When photocopying today, remember the Hectograph
How easy it is to make copies now of any printed material with all the fancy new printers available in our homes or places of business. This makes me remember how our teachers in the middle 1930s made the copies of our test papers for all the students using a Hectograph.
The Hectograph is a gelatin duplicator. It is a printing process that involved the transfer of an original prepared with special inks applied to a pan of solid type gelatin that would absorb the ink from the original.
This would take a few minutes. Each individual sheet of special paper would be pressed onto the image and the print would transfer to the paper. You could make about 20 to 25 copies at the most. Any more than that, the copies would be faded and blurred.
I can remember seeing this done and it was totally fascinating. The teachers or students that did this usually ended up with blue fingers.
During the 1940s in high school we used a mimeograph machine. A special stencil was mounted onto a drum that could be turned by hand or electrical. In typing class we learned how to make a stencil for this machine. We had to be really careful because if you typed an o too hard, the center would come out and it would come out as a big round blob.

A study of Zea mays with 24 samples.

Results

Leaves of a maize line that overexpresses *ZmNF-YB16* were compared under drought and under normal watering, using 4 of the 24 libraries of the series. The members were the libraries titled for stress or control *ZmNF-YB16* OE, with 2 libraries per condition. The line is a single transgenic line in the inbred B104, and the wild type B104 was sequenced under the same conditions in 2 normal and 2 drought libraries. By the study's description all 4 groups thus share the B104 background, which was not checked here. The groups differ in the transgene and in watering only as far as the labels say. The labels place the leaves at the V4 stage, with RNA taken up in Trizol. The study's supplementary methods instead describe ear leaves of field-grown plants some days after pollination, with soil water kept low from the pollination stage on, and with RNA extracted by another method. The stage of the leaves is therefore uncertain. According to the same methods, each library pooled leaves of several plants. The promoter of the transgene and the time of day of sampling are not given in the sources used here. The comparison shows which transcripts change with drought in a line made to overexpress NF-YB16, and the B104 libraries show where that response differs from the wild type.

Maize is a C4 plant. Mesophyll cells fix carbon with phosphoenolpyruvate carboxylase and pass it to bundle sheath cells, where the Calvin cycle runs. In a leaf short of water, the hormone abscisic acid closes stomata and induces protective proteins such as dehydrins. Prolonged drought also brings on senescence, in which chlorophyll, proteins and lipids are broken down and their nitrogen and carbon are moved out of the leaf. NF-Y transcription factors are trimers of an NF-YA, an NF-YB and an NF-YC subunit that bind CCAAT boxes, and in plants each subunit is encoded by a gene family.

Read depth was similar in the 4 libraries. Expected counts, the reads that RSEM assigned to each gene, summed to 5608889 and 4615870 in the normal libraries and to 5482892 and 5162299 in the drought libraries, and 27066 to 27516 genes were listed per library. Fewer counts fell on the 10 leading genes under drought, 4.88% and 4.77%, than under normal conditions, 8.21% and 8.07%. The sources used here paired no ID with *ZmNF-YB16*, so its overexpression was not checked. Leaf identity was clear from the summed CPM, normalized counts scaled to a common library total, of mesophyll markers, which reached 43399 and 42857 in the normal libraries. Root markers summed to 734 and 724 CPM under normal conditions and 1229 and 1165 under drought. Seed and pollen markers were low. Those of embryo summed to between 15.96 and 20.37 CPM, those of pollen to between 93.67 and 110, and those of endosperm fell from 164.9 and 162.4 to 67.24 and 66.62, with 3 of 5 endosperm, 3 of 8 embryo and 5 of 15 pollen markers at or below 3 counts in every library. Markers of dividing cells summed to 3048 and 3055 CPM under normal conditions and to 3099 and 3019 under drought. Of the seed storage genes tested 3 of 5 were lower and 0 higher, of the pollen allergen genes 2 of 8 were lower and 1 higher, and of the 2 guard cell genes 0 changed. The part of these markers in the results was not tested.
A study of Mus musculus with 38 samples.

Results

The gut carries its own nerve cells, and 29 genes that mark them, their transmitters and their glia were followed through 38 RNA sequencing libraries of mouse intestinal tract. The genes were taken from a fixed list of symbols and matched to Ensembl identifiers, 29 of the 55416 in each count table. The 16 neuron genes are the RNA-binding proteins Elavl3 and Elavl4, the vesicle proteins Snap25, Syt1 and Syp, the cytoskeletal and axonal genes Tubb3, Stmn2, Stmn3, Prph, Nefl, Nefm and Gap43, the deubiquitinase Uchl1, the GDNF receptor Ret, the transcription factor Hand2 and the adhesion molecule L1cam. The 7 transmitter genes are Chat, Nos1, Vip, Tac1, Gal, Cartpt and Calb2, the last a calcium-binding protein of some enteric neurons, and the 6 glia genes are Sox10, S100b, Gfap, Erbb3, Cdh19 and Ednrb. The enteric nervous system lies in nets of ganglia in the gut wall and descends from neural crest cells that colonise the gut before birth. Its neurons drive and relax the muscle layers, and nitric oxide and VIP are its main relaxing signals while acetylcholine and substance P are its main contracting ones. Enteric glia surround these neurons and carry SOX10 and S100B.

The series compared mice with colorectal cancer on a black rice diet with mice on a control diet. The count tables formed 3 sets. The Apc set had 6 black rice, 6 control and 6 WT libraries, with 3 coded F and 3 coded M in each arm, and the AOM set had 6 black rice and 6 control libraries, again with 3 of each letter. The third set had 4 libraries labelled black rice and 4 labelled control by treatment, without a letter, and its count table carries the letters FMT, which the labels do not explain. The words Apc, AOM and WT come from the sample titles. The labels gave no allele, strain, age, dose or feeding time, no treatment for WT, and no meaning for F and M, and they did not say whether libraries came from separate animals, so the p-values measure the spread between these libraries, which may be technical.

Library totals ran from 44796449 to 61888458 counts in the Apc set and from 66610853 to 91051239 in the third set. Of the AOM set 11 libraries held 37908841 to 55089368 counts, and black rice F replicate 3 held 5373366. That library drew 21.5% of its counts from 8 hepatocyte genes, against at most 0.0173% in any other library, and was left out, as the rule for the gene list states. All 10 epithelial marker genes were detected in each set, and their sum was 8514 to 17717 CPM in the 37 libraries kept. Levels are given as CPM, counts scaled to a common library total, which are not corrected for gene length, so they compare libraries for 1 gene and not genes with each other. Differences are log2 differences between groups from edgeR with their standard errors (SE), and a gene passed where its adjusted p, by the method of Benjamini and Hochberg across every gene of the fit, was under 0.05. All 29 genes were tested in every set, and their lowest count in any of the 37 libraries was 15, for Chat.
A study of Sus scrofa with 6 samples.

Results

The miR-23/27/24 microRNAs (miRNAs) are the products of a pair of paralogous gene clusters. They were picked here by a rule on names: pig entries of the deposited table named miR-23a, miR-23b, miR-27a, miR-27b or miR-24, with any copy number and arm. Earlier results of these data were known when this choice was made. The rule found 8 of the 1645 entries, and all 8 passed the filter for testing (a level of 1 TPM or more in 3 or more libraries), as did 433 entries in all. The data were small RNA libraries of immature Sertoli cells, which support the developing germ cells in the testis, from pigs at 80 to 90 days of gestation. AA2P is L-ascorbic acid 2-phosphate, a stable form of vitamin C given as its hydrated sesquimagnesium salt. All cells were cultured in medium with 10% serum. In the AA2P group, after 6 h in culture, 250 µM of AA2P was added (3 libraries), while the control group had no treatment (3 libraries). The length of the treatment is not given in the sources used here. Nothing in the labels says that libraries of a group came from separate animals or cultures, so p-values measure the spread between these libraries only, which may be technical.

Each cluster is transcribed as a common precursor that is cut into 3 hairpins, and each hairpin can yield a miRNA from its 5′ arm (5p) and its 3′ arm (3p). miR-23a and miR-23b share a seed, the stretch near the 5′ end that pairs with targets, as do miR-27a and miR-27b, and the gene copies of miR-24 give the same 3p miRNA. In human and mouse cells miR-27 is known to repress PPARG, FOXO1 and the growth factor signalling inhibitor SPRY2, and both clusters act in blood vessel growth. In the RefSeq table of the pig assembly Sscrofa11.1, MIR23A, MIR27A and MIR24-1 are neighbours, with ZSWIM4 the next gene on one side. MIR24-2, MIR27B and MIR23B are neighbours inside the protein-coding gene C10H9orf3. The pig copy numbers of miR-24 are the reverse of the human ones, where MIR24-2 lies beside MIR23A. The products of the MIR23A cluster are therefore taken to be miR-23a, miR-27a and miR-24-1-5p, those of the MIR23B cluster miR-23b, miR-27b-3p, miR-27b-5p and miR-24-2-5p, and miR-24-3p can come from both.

Each year the printing process progressed tremendously. In 1960 the photo copy machine was invented by Chester Carlson. He was a physicist. In 1934 he started working to perfect a dry copy and by 1938 made his first successful copies using electrostatics. He is remembered as being the father of xerographic printing.
Carslon's neighbors knew him as "the mad scientist" after his years of struggle, plagued with crippling arthritis, and using his kitchen for experiment. He died in 1968 at age 62 after earning $150 million for his invention. He gave $100 million to charity.
We are so lucky to have the conveniences of copying, and we do not stop to think about the years and years of experimentation to make this work.